What a concept: Imagine if you could see as clearly and in as much detail at midnight as you can at noon. The desire for night vision is an old one, but frankly the visions provided by new technologies have not impressed me — the best I’ve experienced were a set of cumbersome electric goggles that yielded greenish, ghostlike images. Much better are the serene nocturnal views in the new body of work by Japanese photographer Tomoyuki Sakaguchi.
Now showing at the Guardian Garden Gallery in Ginza, the exhibition, titled “Home,” comprises 26 pictures from Sakaguchi’s ongoing experiments with digital-camera time exposures. The pictures were shot during the early hours of the morning in residential neighborhoods in and around Tokyo. Sakaguchi set the exposures at 30 seconds, and chose mundane subjects — the compact (some would say ugly) prefabricated homes inhabited by typical middle-class families, and their little driveways and gardens. The results, though, are hardly mundane; they are, actually, nothing short of fascinating.
“I had done a lot of central Tokyo photographs in the past, skyscrapers and trains,” says Sakaguchi, “and so I wanted to try a different location. I went to normal homes and photographed them at night. When I saw the results I was surprised, I felt as if I was looking at another world.”
At first glance, the nature of these pictures may well escape the viewer’s attention. But look more closely, and you begin to discern subtle, gradient hues in the tint of automobile glass, spookily glowing LED lights, weird highlights in the flowering bushes and trees.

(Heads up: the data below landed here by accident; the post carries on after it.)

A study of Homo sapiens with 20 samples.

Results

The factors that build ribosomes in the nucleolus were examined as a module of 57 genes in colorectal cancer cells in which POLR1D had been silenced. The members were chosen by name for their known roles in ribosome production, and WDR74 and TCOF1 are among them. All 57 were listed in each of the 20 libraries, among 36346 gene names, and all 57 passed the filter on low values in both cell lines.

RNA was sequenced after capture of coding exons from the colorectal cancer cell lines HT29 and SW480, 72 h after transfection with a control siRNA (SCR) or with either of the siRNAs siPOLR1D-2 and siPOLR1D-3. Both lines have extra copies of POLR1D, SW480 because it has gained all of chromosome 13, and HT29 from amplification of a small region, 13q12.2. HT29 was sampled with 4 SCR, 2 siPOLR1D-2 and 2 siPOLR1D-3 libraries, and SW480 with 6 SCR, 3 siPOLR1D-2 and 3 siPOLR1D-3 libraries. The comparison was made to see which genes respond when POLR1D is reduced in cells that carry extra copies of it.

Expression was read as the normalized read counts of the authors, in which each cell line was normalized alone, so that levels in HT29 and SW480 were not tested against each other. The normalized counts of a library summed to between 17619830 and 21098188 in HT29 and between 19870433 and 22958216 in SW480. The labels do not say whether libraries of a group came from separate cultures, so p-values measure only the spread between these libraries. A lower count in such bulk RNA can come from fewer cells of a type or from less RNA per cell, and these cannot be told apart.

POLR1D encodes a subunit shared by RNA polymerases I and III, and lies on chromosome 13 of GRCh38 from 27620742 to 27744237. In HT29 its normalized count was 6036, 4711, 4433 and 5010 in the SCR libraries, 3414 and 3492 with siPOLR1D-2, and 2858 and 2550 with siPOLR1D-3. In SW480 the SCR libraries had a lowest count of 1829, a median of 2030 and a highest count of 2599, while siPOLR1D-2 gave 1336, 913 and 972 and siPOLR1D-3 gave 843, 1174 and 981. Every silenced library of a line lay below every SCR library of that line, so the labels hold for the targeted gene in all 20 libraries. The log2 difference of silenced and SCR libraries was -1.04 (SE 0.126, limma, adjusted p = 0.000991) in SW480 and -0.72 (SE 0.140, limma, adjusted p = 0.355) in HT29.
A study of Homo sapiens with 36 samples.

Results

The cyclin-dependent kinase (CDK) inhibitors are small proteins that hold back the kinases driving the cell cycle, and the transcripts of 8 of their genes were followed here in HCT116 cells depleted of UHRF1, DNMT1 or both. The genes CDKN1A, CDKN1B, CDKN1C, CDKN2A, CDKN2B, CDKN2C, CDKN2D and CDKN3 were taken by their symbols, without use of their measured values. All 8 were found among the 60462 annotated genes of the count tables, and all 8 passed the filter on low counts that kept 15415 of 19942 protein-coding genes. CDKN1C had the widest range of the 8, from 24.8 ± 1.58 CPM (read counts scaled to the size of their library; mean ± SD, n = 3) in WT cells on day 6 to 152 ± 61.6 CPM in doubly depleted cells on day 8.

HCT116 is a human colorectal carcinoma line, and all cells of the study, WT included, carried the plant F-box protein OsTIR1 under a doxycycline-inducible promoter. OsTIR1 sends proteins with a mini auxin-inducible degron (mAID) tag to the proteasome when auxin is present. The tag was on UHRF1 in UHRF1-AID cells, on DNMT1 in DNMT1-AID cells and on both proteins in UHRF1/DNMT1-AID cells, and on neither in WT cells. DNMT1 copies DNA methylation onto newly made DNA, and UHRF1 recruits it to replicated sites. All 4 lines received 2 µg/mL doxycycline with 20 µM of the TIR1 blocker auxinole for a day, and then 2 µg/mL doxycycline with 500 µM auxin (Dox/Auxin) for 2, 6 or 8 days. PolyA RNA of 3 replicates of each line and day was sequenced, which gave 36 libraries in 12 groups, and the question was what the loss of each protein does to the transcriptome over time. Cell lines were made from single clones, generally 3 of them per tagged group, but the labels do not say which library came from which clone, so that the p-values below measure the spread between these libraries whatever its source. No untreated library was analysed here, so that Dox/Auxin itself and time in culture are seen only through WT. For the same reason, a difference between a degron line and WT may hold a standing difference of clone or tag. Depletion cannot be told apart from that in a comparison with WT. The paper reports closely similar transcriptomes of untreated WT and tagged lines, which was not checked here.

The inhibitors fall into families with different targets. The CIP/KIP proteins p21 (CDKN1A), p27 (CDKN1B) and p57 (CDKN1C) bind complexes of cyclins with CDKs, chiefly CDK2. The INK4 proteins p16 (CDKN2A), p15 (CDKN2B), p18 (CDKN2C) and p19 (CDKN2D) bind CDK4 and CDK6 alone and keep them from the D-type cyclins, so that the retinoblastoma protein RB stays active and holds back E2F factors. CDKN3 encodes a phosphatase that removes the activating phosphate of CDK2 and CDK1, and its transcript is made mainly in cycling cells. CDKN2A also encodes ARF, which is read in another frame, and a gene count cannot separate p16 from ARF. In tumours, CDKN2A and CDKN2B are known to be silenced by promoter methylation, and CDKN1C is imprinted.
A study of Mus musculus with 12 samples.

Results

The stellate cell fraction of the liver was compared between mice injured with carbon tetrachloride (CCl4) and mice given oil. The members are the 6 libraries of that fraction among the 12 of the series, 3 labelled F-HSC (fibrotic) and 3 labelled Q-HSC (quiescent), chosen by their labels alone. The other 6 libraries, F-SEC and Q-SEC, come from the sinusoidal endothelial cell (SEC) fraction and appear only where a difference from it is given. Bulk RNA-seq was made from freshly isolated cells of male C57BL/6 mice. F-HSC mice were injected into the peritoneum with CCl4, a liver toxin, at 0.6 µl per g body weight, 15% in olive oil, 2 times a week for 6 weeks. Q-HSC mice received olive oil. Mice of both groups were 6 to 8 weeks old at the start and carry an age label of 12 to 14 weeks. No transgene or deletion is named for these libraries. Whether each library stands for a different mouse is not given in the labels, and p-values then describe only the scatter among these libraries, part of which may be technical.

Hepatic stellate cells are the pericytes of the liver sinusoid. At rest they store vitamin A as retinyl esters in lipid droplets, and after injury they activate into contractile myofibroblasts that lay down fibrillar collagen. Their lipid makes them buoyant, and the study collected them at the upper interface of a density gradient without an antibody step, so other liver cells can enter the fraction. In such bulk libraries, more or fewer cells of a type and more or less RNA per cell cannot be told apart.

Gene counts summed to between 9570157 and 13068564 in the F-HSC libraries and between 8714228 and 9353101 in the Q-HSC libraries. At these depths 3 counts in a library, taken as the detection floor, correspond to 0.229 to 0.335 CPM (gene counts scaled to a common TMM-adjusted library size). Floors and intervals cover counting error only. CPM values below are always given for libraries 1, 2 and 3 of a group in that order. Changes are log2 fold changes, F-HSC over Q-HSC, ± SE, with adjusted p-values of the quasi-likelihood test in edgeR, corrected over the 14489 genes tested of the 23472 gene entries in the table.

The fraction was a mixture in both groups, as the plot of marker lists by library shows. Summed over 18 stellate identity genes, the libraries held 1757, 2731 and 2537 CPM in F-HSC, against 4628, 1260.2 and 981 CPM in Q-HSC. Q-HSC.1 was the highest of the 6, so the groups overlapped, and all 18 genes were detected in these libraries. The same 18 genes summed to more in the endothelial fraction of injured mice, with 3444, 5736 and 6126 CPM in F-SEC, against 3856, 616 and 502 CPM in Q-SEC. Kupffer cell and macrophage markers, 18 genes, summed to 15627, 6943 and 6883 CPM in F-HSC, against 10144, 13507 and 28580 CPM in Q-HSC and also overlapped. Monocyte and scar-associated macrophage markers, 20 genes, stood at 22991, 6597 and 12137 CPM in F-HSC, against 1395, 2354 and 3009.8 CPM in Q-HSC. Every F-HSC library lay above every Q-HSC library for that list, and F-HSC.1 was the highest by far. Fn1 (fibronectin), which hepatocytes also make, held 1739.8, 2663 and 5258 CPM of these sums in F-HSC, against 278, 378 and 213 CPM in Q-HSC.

Of all things, the shadows most reveal Sakaguchi’s process. Instead of emanating from the sun overhead, at night the light shines from sources — street lamps, home exterior lighting, vending machines — that have varying positions and color temperatures. Shadows are not where we expect them to be, which helps lend these images an atmosphere that is part movie set, part maquette.
Sakaguchi’s cars, for instance, look rubbery and small, as if they are toys. The skies meanwhile are quiet, sometimes tinged with pale shades of blue, yellow or white. Grass and trees appear rich in color and deep with texture. There is a rigid utilitarian sameness in the neighborhoods Sakaguchi visited while making the pictures, but by sneaking up on the houses at night, he has captured them looking relaxed, vulnerable. He has cast residential Tokyo in a perfectly complimentary light — and in an mysterious way, it almost looks beautiful.
The 36-year-old Sakaguchi, who is a three-time finalist for the revered Hitotsubo photography competition, says his focus evolved while he was working on this new series. Initially, it seems, he was interested in utility poles and street signs, then gardens and bushes, finally houses and cars.
What makes Sakaguchi a good, even great photographer is his gift for bringing the viewer a new perspective on the everyday. Like veteran lensman Daido Moriyama, whose blurred and grainy black-and-white studies make Tokyo look gritty, or Takashi Homma, whose cold flat color photographs portray the city’s suburbs as bleak and inhuman, Sakaguchi has brought us a unique way of looking at Tokyo environments.
The show also includes a five-minute video which sees Sakaguchi’s car’s lights turning on and off (and really this could have been left out); along with a video slide show featuring subjects similar to those found in the prints.